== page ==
Did you know?
John Boyne plays the guitar, the piano and the ukulele!
1. It's 1945. Father James Monroe. Care to comment?
2. Point to some of the book's humor — what do you find funny? Is Cyril's voice, or some of his observations, from the womb funny, for instance?
3. Describe the Church's position in the young republic of Ireland and talk about how its power changes by 2015.
4. Cyril knows he is gay; how does he deal with this knowledge, especially in the middle years of the 20th century?
5. What do you make of Cyril's adoptive family, especially his father Charles who insists that Cyril is "not really an Avery" and that he should consider his growing up years with the family as a "tenancy." What does he mean by that, and how do those words affect Cyril?l
6. Why does Maude Avery disdain popularity as a writer? Why does she bother to write and sell books?
7. How would you delineate Cyril's interior monologues from his outward behavior. How do those two modes differ?
8. John Boyne's book is very much about self-transformation. "Even at that tender age I knew that there was something about me that was different and that it would be impossible ever to put right." Is change possible after a certain age, after the brain becomes less malleable?
9. Boyne peppers his writing with coincidence. Why might he do so: what is he suggesting by its frequent use?
10. Talk about post-war Ireland in the 1950s. In what way might you describe it as nightmarish?
11. Consider the book's title. What are the furies, and why invisible? Boyne reserves much of his ire not only for the clergy, but also politicians. What makes him angry?
12. Which section of The Heart's Invisible Furies engage you more than the others … and why?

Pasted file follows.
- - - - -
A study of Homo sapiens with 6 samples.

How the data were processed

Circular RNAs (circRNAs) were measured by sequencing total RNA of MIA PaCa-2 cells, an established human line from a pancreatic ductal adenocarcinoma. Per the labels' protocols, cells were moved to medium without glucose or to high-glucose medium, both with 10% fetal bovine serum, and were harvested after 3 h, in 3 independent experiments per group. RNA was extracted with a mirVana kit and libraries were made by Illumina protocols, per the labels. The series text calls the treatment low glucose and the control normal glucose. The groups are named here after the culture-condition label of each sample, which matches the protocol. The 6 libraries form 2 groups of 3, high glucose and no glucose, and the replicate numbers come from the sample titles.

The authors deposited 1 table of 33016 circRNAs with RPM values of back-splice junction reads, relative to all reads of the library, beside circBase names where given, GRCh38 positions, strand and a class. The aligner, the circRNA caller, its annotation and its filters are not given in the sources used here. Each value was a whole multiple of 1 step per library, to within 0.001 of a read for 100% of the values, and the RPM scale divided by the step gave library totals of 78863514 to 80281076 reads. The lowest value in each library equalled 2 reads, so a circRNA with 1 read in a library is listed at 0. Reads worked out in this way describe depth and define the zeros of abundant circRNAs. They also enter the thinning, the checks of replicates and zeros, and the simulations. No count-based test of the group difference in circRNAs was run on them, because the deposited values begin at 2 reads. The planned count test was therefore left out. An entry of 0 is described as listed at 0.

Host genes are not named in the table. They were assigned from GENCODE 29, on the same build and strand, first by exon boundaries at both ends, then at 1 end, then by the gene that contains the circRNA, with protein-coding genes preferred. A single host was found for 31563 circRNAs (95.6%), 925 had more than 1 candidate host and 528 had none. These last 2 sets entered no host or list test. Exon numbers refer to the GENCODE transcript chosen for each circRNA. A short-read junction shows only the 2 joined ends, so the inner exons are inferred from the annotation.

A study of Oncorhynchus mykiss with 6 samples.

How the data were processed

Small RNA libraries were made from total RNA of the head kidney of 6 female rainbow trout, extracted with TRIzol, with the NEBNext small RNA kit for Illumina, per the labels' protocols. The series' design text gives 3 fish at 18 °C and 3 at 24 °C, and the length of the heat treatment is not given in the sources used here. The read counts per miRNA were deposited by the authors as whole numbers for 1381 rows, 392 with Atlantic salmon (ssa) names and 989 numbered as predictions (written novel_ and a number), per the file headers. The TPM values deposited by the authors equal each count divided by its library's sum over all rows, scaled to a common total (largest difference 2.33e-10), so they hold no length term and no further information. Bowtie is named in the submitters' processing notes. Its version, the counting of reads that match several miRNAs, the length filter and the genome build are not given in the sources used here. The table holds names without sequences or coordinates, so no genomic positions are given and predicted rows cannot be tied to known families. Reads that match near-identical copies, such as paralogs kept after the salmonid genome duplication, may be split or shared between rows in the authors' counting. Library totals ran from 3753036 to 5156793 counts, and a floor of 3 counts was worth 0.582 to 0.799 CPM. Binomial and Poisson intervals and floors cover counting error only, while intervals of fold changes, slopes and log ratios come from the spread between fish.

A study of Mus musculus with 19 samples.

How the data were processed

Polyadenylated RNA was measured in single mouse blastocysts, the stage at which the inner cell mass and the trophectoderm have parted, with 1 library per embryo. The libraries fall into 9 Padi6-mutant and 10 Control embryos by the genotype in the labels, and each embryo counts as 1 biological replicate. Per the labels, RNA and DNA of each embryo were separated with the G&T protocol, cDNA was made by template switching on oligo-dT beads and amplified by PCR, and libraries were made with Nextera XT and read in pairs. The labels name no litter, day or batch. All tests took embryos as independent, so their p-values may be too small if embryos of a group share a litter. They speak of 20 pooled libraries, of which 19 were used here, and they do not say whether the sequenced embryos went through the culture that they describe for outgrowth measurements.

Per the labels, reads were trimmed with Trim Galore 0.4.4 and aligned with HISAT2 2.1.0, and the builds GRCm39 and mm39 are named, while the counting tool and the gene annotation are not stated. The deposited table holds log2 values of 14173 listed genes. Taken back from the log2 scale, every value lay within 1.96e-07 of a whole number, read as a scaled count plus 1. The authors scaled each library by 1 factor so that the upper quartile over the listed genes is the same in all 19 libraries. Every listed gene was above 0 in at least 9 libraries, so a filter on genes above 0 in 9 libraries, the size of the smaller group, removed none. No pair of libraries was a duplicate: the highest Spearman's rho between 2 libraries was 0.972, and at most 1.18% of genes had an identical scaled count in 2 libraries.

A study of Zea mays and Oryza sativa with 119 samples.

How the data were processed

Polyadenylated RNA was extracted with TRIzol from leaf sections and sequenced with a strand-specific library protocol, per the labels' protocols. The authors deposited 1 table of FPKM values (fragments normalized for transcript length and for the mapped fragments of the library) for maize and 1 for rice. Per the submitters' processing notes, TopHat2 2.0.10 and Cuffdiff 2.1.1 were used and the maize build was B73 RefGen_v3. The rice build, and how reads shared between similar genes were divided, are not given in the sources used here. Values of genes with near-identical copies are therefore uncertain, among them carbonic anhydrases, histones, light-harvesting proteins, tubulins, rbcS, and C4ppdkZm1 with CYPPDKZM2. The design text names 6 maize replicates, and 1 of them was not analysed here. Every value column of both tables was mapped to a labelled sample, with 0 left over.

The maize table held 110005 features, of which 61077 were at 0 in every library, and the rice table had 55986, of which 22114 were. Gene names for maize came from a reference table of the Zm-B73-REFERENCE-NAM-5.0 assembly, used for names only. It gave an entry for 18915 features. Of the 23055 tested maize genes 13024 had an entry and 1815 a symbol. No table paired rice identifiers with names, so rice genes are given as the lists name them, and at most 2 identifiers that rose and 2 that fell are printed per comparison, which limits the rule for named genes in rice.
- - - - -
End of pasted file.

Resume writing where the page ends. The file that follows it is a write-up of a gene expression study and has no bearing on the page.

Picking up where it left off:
Publication Date: 2017-08-22
Cyril Avery is not a real Avery -- or at least, that's what his adoptive parents tell him. But if he isn't a real Avery, then who is he? Born out of wedlock to a teenage girl cast out from her rural Irish community and adopted by a well-to-do if eccentric Dublin couple. Cyril is adrift in the world, anchored tenuously by his heartfelt friendship with the more glamorous and dangerous Julian Woodbead. At the mercy of fortune and coincidence, he will spend a lifetime coming to know himself and where he came from - and over his many years, will struggle to discover an identity, a home, a country, and much more. In this we are shown the story of Ireland from the 1940s to today through the eyes of one ordinary man. The Heart's Invisible Furies is a novel to make you laugh and cry while reminding us all of the redemptive power of the human spirit.
The Line of Beauty by
Publication Date: 2004-10-05
In the summer of 1983, twenty-year-old Nick Guest moves into an attic room in the Notting Hill home of the Feddens: conservative Member of Parliament Gerald, his wealthy wife Rachel, and their two children, Toby-whom Nick had idolized at Oxford-and Catherine, highly critical of her family.' As the boom years of the eighties unfold, Nick finds his life altered by the fortunes of this glamorous family. His two vividly contrasting love affairs, one with a young black clerk and one with a Lebanese millionaire, dramatize the dangers and rewards of his own private pursuit of beauty.
Publication Date: 2002-09-04
"I was born twice: first, as a baby girl, on a remarkably smogless Detroit day of January 1960; and then again, as a teenage boy, in an emergency room near Petoskey, Michigan, in August of l974. . . " So begins the story of Calliope Stephanides and three generations of the Greek-American Stephanides family who travel from a tiny village overlooking Mount Olympus in Asia Minor to Prohibition-era Detroit, witnessing its glory days as the Motor City, and the race riots of l967, before they move out to the tree-lined streets of suburban Grosse Pointe, Michigan. To understand why Calliope is not like other girls, she has to uncover a guilty family secret and the astonishing genetic history that turns Callie into Cal, one of the most audacious and wondrous narrators in contemporary fiction.
The Married Man by
Publication Date: 2000-05-30
Austin is an American furniture scholar living in Paris. He is pushing fifty, loveless, drifting. One day he meets Julien: French, an architect, much younger and married. This chance acquaintance matures into profound romance. As the two men dash between bohemian suppers and sophisticated salons, their only impediments are the comic clashes of culture, age and temperament. However, Julien's past catches up with them. In a quest to save health and happiness, they move from Venice to Key West, to Montreal and Providence. But it is amid the sands of the Sahara that their love is pushed to its ultimate crisis.